Ultra-thin electronic circuits that can be applied to human skin for extended periods of time have been developed by a team of researchers from the University of Tokyo, Keio University and other institutions.
According to the team, they improved ventilation properties by using nanomesh electrodes to make the circuits. Since the newly developed electronic circuits cause less itching, they are expected to be applied to sensors that measure people's physical condition in such areas as sports, medicine and nursing care. The team's paper has been published in the British science journal Nature Nanotechnology.
Sensors that have been developed so far for the skin are made by applying circuits to films or rubber sheets. Since they do not have air or sweat permeability, they can cause inflammation and itching.
The team used a special water-soluble material and developed technology to arrange nanomesh electrodes with fine gaps to make circuits. By spraying gold onto the special material, the team created 70- to 100-nanometer-thick circuits (100 nanometers equal 0.0001 millimeters.)
If a user pours water onto the device and applies it to their skin, the special water-soluble material disintegrates and just the circuits remain on the skin. By adding a sensor to measure electrical signals with the circuits, the team succeeded in measuring muscle movements with the device.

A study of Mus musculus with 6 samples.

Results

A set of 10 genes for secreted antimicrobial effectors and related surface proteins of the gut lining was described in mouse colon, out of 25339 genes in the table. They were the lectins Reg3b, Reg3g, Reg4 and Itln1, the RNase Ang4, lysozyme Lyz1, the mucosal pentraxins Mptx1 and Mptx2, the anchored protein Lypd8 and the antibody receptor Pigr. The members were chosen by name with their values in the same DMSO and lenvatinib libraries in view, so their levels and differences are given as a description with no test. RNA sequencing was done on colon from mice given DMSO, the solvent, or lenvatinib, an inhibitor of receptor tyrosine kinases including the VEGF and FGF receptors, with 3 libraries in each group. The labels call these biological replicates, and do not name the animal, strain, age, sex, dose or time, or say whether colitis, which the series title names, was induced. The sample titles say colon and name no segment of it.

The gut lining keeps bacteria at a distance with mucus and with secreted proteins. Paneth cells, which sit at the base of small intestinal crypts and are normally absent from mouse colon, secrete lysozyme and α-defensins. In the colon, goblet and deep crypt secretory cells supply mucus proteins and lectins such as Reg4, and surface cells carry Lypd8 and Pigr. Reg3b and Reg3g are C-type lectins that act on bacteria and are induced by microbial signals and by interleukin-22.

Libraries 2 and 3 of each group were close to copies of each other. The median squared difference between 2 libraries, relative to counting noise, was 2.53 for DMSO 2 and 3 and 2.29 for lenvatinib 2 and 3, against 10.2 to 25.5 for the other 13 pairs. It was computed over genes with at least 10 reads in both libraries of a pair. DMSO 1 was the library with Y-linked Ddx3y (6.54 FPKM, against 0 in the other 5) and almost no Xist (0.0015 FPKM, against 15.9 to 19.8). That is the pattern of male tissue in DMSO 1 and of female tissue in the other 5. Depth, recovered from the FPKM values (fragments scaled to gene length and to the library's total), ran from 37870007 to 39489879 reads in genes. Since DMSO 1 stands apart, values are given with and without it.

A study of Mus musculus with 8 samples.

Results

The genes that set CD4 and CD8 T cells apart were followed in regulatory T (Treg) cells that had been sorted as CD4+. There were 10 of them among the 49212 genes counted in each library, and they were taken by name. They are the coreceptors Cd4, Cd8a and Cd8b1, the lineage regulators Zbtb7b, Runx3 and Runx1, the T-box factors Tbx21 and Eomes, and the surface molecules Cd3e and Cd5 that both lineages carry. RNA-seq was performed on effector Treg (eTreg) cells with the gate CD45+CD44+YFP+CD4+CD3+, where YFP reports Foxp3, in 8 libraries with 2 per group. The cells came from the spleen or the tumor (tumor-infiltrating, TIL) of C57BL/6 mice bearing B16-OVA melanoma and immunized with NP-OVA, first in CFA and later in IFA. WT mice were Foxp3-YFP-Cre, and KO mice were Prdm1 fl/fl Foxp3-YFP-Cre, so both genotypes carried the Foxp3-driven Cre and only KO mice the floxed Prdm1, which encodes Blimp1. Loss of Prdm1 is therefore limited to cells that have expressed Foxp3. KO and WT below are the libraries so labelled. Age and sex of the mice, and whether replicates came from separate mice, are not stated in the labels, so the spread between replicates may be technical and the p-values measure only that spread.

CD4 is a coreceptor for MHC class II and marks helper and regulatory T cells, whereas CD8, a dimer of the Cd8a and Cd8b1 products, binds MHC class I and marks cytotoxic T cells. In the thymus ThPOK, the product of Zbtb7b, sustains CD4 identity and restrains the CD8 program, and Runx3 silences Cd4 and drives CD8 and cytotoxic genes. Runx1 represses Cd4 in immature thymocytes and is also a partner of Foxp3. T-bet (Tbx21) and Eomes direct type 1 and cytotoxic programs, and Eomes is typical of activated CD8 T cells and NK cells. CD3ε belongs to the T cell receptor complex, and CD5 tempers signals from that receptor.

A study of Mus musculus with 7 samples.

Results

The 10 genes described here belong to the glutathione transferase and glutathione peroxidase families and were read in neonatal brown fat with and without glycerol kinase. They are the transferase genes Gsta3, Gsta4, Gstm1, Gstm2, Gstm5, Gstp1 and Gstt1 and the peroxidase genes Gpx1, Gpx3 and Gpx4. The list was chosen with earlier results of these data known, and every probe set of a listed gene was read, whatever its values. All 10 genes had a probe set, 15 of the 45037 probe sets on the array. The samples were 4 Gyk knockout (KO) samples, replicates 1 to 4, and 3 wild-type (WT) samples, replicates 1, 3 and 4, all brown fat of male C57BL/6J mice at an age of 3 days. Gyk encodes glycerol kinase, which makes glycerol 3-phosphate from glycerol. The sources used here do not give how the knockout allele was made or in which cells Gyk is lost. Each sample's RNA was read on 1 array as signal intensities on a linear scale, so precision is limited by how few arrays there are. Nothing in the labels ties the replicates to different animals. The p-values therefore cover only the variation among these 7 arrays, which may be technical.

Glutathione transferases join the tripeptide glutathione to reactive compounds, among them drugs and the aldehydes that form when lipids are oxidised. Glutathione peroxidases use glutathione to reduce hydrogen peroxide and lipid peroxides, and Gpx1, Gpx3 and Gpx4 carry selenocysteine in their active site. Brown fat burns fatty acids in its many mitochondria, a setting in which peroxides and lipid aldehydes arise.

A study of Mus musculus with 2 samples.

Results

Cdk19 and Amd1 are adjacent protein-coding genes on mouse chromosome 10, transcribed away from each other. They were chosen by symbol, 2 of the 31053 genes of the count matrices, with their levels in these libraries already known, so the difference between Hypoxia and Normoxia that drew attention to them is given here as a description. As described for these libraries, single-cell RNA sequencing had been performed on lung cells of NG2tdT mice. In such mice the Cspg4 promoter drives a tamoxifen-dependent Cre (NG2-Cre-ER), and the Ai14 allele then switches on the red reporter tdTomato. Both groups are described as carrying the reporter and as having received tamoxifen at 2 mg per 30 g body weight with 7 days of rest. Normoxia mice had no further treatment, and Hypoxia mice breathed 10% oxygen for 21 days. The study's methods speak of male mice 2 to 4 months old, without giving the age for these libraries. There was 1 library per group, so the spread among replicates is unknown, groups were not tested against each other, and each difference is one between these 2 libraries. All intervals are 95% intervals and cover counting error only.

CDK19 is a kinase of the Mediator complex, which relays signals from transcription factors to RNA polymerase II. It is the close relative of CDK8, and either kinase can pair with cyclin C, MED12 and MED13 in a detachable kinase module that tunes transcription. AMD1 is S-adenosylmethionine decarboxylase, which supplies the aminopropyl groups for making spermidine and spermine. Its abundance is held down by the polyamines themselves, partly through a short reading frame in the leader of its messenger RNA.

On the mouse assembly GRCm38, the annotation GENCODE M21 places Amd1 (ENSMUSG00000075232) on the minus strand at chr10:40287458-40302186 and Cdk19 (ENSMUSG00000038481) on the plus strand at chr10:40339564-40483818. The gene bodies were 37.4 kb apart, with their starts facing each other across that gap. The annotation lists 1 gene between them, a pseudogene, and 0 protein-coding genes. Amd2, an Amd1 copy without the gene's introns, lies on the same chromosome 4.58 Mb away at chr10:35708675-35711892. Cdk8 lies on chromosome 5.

They attached the device to the arms of 20 people for a week, and none suffered from inflammation or itching.
"There's a great need for devices to instantly measure physical data in medicine and other fields. We want to create a system to obtain data without putting a burden on patients," said Takao Someya, professor at the University of Tokyo and a member of the team.
Toshihide Kamata, director of the Flexible Electronics Research Center of the National Institute of Advanced Industrial Science and Technology, said: "With conventional technologies, users sometimes sweat due to the discomfort of wearing such devices, making it impossible to obtain accurate data. The latest technology is expected to enable the measurement of data in more natural conditions."